Researchers from Columbia University have used 3D printing to create a slice of cake using seven different ingredients. To achieve this, the team used a custom extrusion mechanism to pick and place the ingredients for 3D printing. Preparing the food included hand-mashing a banana with a fork to ensure the nozzle tip would not be obstructed during extrusion and preparing the Graham Cracker paste in a food processor.
The researchers used a blue laser diode operating at 445 nm to cook the food once it was printed, which they fixed to the moving printer head. They found the cooking apparatus could produce a power output of approximately 5–6 W. Using computer-aided design (CAD) software, the team modeled each material as a part file and combined them into an assembly before being exported for printing. Once fully modeled in CAD, parts were exported as an STL file, which allowed them to be processed by a slicer engine. The team then optimized the slicer engine for their custom 3D printer. Presumably, a further set of handheld “slicing engines” were then deployed to test the results by the hungry researchers.
The results show that flavors and textures can be localized on a millimeter scale to make new food experiences. The researchers made a slice of cake that looked like a typical one, but they controlled the extrusion path to make unique lattice structures and ingredient combinations that would be impossible to make with traditional extrusion or molding methods. However, the study also highlighted the challenges of using 3D printers to produce food, including the number of ingredients that can be used simultaneously and the difficulty of cooking the food once the ingredients are assembled.
3D printing food and digital cooking
Cooking in the digital age is transforming rapidly, and 3D food printing and laser cooking are among the latest technological developments. A recent academic paper suggests that these new ways of cooking offer options for making convenient, healthy, and cost-effective meals. This would make it easier for people to make their meals fit their tastes and nutritional needs. Even though grills, stoves, cooktops, and microwaves are still the most common ways to cook worldwide, “digital cooking” technologies may offer a more personalized way to prepare meals.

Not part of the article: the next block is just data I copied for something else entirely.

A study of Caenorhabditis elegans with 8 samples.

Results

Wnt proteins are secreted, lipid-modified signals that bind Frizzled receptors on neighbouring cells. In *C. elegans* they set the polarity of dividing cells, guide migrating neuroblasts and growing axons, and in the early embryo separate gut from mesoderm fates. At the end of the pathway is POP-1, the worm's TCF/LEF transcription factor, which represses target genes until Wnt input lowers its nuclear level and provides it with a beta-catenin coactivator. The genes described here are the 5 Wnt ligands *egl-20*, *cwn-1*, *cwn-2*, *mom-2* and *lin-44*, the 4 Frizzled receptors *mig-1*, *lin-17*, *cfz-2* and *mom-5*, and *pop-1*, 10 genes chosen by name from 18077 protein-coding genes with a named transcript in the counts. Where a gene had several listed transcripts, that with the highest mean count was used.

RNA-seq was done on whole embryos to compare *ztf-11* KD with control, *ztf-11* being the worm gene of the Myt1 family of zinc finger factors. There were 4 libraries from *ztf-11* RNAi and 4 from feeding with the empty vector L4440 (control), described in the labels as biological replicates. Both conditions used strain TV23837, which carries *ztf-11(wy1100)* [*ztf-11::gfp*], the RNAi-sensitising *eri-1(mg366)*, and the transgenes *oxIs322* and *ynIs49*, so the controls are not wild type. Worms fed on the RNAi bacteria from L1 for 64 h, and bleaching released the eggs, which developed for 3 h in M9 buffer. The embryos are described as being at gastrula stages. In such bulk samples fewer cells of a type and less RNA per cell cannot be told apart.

Food printing is a type of additive manufacturing that uses edible food inks to build 3D shapes from user-made models. On the other hand, laser cooking uses light with a lot of energy to heat things in a precise way. With these technologies, chefs can better control the amount of nutrients in meals, making them healthier and more personalized.
One of the biggest benefits of digital cooking technologies is that foods that don’t need as much human handling can reduce the chance of getting sick from food or spreading a disease. This is an essential benefit in the post-COVID-19 era. According to the academic paper, 3D printing of food is still in its early stages. Still, it could become more popular due to its customizability, convenience, and other benefits that suit the consumer. The paper also says that laser cooking is a great way to make food additives because it has a high resolution and can heat things deeply.
The innovation in the fields of 3D printing and laser cooking is not limited to food manufacturing. Many inventors and chefs are working on robots that make bread, salads, pizzas, plant-based meat 3D printers, machines that put together foods with more than one ingredient, pasta printers, automated cake decorators, personalized vitamin gummies, and other software-controlled heating appliances.
Even though software-integrated food-facing machines are moving away from manual control, they are also giving users more creative control by freeing up the mental energy that a human worker would normally use to move objects in the same way, with the same precision, repeatedly. Robotic systems that drop pastes, powders, and liquids in precise places based on a digital plan may be the way of the future when it comes to cooking.
The challenges to 3D printed food
As the benefits of digital cooking technologies continue to expand, might 3D printers and laser cooking become staple home and industrial cooking devices?
Even though 3D food printing is becoming increasingly popular, some might say that it doesn’t fit what consumers want now, which is whole foods and “naturalness” in food products. Processed foods, which often include highly processed or “ultra-processed” foods, have been linked to the overweight and obesity crisis, which costs the US $50 billion a year in lost worker productivity and health care costs.
But people who like the idea of 3D printing food say that it can help the environment, make it easier to get ingredients close to home, and let people make food that fits their tastes and nutritional needs. 3D food printing can also help people who have trouble swallowing or digesting. It can also make food look more appealing and allow large-scale production in a factory or food service kitchen.
Moreover, the technology offers manufacturers opportunities to extend shelf-life and reduce food waste, as users would only print the ingredients they want to consume. Although 3D food printing is still in its early stages, it has the potential to fill a market gap for food of different sizes, shapes, and textures.
As the technology improves, people who support it hope it will become easier and faster for consumers to use, leading to more home cooking and better health. The growing interest in 3D food printing is shown by the fact that the size of the market is expected to reach $425 billion by 2025.
The future of software-controlled cooking was authored by Jonathan David Blutinger, Christen Cupples Cooper, Shravan Karthik, Alissa Tsai, Noà Samarelli, Erika Storvick, Gabriel Seymour, Elise Liu, Yorán Meijers & Hod Lipson and is published in the journal npj Science of Food.